Two weeks of heavy rains have left at least six people dead and more than 7,000 homes damaged in Nicaragua, emergency authorities in the country announced on Sunday.
Nicaraguans are anxiously waiting for the government to make public a long-anticipated environmental impact report on the $50 billion interoceanic canal project. But while the public waits, some independent scientists have already seen the report — and aren’t happy about it.
World Environment Day, established by the United Nations, is marked every year on June 5th. And, while Costa Rica has indeed taken remarkable efforts to protect its natural environment, today is a good day to look at where improvement still needs to be made.
One of the most striking examples – and one of the most contradictory to the country’s eco-friendly image – is Costa Rica’s voracious appetite for pesticides and agrochemicals.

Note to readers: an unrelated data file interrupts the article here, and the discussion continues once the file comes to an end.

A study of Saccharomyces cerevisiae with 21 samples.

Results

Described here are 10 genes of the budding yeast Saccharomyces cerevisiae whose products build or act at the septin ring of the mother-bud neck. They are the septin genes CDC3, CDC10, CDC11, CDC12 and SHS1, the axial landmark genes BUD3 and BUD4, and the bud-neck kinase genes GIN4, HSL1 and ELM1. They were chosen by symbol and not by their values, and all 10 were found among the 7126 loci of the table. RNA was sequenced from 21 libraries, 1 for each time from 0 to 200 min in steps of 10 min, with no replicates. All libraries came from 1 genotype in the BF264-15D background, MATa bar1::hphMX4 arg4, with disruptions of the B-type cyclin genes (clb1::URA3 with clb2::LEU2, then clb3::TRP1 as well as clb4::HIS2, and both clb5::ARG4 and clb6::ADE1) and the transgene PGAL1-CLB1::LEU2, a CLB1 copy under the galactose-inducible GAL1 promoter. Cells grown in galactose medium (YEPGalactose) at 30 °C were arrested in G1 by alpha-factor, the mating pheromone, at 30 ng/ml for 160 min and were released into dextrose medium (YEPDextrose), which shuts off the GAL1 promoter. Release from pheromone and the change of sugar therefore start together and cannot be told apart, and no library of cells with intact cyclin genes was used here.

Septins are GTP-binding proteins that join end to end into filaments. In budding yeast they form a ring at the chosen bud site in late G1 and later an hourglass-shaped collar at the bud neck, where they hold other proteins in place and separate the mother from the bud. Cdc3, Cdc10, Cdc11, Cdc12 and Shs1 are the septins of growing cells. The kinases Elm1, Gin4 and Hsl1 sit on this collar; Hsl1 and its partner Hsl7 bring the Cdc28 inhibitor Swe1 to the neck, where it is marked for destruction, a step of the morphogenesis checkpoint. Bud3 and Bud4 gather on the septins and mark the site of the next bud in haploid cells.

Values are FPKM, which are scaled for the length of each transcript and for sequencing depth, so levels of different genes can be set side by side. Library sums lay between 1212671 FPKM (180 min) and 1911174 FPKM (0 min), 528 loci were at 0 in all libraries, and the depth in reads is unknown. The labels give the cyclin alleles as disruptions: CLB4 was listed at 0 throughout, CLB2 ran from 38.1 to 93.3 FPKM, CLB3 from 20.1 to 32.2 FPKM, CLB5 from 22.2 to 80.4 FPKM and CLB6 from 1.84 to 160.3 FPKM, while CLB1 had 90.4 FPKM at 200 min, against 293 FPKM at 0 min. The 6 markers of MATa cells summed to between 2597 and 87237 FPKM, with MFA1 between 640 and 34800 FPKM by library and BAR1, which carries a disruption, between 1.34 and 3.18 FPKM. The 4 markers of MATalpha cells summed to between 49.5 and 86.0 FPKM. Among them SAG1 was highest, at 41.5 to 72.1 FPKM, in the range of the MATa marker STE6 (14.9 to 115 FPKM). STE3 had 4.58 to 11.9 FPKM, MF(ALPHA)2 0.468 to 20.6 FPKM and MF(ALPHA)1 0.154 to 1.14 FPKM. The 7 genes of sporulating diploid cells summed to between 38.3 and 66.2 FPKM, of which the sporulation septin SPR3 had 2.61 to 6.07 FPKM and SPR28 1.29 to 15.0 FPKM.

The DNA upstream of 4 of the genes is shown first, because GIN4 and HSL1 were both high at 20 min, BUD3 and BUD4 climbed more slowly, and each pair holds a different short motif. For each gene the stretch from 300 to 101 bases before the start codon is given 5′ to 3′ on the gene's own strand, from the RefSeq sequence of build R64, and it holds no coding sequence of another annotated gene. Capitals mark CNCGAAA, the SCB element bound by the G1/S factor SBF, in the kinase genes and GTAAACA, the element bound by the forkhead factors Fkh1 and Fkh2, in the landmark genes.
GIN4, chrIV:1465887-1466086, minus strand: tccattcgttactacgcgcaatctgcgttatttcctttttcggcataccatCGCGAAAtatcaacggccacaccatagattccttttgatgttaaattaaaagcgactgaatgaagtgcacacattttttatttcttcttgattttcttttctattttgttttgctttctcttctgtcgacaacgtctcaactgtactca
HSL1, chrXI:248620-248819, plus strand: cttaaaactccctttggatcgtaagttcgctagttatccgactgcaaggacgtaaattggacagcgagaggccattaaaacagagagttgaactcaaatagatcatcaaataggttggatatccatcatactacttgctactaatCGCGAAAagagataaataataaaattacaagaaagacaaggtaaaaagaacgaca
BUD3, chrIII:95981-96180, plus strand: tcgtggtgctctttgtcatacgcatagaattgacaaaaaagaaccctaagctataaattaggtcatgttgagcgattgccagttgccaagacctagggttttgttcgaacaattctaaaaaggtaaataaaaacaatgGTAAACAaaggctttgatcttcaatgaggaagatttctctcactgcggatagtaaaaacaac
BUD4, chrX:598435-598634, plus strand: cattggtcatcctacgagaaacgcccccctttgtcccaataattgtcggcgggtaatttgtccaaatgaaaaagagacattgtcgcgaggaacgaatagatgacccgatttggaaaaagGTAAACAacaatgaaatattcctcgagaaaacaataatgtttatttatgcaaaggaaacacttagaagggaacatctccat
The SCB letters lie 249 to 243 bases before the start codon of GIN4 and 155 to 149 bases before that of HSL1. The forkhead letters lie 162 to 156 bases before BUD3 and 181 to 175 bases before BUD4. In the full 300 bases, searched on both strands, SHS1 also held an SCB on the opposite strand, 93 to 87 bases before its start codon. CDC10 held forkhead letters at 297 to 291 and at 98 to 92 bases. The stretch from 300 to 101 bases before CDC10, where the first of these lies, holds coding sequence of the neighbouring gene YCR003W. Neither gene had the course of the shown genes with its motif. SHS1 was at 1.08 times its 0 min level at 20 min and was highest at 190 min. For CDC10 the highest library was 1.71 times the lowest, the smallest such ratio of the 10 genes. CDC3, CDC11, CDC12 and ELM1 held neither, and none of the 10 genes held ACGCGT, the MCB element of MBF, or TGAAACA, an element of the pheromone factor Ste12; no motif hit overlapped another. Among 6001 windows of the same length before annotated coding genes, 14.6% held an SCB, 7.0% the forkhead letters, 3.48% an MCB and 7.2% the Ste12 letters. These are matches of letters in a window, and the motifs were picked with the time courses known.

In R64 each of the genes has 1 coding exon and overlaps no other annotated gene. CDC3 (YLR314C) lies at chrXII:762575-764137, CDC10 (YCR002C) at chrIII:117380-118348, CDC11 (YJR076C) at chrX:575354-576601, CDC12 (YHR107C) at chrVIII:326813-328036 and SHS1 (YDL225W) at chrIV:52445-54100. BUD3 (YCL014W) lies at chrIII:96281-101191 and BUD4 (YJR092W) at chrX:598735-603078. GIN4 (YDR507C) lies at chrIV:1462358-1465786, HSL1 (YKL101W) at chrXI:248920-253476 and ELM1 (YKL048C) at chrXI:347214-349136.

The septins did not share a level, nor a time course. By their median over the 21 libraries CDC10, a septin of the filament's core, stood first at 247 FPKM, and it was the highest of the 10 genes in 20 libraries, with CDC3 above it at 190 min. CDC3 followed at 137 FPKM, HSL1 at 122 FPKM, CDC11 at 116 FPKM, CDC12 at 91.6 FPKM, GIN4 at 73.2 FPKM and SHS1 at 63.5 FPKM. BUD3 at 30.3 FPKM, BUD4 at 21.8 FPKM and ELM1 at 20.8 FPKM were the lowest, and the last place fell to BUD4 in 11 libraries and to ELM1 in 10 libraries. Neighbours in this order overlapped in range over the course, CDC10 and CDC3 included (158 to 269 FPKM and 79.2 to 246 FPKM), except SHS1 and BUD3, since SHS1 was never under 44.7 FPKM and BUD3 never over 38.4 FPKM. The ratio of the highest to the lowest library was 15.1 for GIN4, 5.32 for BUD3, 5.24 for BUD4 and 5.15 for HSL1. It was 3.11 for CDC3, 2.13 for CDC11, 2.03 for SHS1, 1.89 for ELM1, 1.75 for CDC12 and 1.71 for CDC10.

Protecting the planet’s oceans is not only an environmental imperative but also a sound business decision as it could add $900 billion to the global economy in a few decades, according to a study by the World Wildlife Fund (WWF). Creating marine protected areas (MPAs) will yield a three-fold return for every dollar invested in the exercise, the study suggests.
Nicaraguan officials this week received a long-awaited environmental impact assessment of the controversial $50 billion interoceanic canal, checking off a major to-do item for the ambitious Chinese-backed project. Authorities said the study deemed the project “viable” but didn’t release any additional details of the assessment.
The United States is expressing its concern over a proposed 15-year moratorium on the cultivation of genetically modified crops, known as GMOs, working its way through Costa Rica’s Legislative Assembly.
A Puntarenas businesswoman of Taiwanese origin will once again head to Costa Rica’s criminal courts on charges of illegal shark finning, after the woman was previously acquitted of the same crime on April 7th of last year.
Costa Rica’s Juan Santamaria International Airport (SJO) was forced to close at 3:30 a.m. Monday morning due to ash fall from the Turrialba volcano, which once again belched ash that reached the country’s Central Valley and parts of the capital over the weekend and early Monday morning.